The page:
Can fragrance help us look younger?

A presentation by Dr Hanns Hatt at the SEPAWA Congress in Germany reveals the cosmetic potential of extranasal olfactory receptors

There are 350 types of olfactory receptor (OR) in the human nose – each specifically evolved to perceive just one odour.

But did you know that ORs are also present in other organs of the human body? Indeed, some of these ORs are present in every single organ of the human body. Moreover, all are present in the human brain.

The exciting cosmetic and therapeutic possibilities involving these extranasal OR was the topic of 'Smelling beyond the nose', a presentation by Dr Hanns Hatt at the SEPAWA Congress, taking place from 10-12 October in Berlin.

Dr Hatt, from Ruhr-Universitat Bochum, cited human sperm – which are have ORs stimulated by 15 odours in vaginal secretion – as a prime example of the usefulness of extranasal ORs.

"Sperm swim in a cloud of odours that trigger responses. They're totally blind but can swim towards the ovum," Hatt said.

With potential for the nutraceuticals industry, Hatt told delegates that OR in the intestines respond to the odour of spices like cumin, which trigger the secretion of serotonin, boosting intestinal motility and facilitating better digestion.

In cosmetics, Hatt said there were odours that had been found to act on melanocytes – meaning the future could include fragrances that may be used to acquire a tan.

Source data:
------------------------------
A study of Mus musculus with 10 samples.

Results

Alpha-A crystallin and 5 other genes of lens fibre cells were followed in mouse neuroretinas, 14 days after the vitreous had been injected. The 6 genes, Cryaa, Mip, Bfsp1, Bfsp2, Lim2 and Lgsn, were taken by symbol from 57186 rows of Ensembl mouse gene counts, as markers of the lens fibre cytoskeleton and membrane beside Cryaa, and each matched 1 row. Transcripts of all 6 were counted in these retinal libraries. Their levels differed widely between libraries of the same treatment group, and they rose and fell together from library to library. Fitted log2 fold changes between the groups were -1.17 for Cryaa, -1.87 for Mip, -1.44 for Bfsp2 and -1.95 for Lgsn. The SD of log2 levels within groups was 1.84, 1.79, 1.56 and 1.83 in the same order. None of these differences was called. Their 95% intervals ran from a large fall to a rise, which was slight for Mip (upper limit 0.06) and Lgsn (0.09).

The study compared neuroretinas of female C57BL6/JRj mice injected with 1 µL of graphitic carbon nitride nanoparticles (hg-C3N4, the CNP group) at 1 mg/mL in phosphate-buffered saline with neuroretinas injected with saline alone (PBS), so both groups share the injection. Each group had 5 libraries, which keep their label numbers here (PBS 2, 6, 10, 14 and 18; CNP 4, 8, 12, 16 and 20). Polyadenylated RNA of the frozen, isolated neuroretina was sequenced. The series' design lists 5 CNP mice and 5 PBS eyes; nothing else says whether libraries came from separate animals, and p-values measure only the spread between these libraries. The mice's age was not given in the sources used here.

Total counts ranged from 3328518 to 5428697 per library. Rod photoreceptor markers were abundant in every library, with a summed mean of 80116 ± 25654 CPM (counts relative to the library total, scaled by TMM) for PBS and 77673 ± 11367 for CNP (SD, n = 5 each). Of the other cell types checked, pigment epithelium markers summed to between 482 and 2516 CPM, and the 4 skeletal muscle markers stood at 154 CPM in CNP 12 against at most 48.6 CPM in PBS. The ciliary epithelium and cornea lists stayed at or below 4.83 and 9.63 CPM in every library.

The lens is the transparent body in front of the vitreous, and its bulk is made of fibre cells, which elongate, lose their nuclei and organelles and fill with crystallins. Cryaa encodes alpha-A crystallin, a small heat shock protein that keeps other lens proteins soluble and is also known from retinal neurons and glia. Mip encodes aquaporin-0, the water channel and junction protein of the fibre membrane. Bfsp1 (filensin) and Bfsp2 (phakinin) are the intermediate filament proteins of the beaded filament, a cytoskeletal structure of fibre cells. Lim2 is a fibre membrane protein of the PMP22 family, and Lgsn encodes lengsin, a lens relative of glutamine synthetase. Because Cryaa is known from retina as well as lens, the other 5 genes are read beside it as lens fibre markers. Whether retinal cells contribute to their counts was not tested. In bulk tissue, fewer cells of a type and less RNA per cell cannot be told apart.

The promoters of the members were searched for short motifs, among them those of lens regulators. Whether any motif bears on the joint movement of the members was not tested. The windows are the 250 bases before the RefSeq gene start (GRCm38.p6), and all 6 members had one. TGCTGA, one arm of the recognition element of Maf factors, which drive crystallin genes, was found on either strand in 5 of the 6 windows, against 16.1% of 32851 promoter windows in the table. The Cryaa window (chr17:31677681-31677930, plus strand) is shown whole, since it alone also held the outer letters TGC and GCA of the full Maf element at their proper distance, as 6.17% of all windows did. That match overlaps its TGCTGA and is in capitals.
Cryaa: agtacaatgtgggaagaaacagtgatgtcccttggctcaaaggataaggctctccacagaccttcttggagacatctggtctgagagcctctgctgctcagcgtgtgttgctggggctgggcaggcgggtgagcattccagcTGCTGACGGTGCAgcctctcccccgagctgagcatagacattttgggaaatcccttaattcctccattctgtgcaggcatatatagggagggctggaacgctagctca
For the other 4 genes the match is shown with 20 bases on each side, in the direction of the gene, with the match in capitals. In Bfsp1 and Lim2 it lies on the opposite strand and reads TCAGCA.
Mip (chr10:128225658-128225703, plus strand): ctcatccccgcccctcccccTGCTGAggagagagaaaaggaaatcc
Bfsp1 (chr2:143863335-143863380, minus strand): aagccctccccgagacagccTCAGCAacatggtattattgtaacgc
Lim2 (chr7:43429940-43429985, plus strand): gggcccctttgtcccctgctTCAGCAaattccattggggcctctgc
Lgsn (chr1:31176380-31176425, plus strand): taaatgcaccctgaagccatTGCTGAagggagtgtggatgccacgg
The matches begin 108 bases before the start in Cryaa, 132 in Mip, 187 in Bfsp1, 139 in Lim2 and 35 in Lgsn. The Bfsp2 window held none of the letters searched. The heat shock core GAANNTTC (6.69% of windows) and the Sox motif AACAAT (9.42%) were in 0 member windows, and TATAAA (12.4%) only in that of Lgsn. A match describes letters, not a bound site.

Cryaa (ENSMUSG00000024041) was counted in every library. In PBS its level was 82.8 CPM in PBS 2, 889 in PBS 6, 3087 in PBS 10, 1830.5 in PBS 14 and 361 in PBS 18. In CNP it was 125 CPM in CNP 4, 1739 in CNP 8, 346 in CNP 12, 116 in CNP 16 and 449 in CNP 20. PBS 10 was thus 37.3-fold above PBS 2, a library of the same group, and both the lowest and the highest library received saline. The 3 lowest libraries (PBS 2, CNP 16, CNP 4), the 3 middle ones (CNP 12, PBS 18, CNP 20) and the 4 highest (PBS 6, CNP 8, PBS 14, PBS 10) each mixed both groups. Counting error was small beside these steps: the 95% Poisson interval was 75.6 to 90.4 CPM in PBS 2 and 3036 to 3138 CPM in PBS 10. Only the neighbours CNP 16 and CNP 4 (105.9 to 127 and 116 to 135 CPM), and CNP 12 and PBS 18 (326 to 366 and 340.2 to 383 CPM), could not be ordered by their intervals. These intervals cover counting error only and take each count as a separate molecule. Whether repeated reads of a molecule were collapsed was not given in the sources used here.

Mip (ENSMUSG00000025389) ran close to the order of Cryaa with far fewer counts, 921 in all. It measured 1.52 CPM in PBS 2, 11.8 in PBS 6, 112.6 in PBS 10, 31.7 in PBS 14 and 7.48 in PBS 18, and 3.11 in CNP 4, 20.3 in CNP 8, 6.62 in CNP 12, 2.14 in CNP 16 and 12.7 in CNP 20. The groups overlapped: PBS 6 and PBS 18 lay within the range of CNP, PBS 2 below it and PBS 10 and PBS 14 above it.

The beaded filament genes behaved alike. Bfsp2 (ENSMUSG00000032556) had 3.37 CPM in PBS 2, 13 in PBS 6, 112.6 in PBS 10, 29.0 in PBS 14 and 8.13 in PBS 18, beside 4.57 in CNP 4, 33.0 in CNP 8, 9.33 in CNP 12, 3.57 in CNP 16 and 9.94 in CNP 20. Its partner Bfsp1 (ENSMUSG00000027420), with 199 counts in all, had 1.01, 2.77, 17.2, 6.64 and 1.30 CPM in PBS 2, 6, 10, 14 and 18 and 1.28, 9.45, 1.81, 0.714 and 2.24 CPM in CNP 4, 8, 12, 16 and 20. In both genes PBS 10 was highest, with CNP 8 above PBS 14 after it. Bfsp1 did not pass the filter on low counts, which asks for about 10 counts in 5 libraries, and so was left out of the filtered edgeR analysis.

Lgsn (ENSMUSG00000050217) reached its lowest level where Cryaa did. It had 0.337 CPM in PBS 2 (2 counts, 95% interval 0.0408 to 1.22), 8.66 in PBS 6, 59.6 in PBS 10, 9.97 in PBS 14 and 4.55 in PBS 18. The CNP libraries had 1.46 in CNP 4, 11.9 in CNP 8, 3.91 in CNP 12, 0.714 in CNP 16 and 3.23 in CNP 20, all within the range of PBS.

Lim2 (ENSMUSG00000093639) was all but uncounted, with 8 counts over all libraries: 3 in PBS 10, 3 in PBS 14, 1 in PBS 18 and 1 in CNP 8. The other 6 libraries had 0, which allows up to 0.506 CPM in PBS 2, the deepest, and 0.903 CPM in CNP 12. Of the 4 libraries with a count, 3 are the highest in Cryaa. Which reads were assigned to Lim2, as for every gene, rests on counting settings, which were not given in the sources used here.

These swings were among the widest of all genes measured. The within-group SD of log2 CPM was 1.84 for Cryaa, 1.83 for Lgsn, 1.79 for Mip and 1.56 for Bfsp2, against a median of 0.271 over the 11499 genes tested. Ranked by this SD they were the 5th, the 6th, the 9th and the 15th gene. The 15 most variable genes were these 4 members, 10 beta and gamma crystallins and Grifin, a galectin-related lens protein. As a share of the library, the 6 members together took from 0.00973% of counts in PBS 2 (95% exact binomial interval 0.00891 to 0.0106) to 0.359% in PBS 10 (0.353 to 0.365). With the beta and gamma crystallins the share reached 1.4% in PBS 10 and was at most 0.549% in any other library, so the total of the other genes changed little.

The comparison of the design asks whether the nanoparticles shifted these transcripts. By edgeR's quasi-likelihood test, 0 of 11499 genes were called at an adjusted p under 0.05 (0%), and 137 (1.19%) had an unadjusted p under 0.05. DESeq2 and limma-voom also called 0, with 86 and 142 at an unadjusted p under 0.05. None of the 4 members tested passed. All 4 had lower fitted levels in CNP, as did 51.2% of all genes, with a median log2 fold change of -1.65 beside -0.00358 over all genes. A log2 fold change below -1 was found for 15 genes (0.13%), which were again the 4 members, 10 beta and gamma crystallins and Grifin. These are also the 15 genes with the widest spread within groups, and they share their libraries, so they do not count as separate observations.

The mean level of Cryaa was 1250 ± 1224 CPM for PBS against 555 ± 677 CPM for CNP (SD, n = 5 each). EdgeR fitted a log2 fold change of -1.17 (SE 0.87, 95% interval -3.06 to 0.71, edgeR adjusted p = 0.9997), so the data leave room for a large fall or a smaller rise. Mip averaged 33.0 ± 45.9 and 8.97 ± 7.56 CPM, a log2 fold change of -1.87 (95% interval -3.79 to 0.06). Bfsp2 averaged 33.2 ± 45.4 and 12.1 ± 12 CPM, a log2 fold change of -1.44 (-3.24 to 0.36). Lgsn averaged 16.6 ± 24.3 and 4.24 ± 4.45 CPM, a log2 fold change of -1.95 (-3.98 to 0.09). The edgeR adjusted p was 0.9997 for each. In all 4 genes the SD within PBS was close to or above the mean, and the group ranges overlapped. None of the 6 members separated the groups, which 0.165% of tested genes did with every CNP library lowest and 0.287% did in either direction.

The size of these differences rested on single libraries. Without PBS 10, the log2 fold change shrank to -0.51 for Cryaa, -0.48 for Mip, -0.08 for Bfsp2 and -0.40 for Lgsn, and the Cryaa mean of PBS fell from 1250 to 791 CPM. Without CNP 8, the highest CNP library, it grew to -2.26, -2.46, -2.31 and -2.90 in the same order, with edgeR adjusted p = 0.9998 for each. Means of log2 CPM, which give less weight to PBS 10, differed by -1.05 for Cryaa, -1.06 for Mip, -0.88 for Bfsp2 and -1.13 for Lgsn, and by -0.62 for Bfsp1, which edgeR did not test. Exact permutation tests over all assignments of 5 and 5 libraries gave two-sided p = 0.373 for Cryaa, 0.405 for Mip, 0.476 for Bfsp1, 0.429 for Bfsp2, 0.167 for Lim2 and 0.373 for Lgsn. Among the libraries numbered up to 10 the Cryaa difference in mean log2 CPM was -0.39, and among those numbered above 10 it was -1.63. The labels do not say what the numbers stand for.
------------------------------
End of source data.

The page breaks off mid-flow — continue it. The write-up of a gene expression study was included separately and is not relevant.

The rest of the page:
Meanwhile, Sandalor scent was found to stimulate ORs to increase the proliferation and movement of keratinocytes to promote better wound healing and, of course, younger looking skin.

Extranasal scents, said Hatt, have also been linked to blood pressure regulation, hair follicle activation and heart function, as well as reducing the proliferation of certain carcinoma cells, and facilitating cancer diagnosis – OR2B6, for example, is an OR very specific to breast cancer, which can be used as a diagnostic marker.

Hatt stressed that, for such efficacy, odours must be applied directly to the site via topical application, ingestion or addition to the blood stream, rather than inhaled.

He also stressed that of these 350 human ORs there are only 50 types of receptor for which the scientific community knows the appropriate 'key' – meaning there are 300 for us yet to activate.

"We will hear a lot more with view to the application of human extranasal olfactory receptors in cosmetics and in therapeutics, but there are still lots of olfactory receptors where we don't know what activates them," Hatt concluded.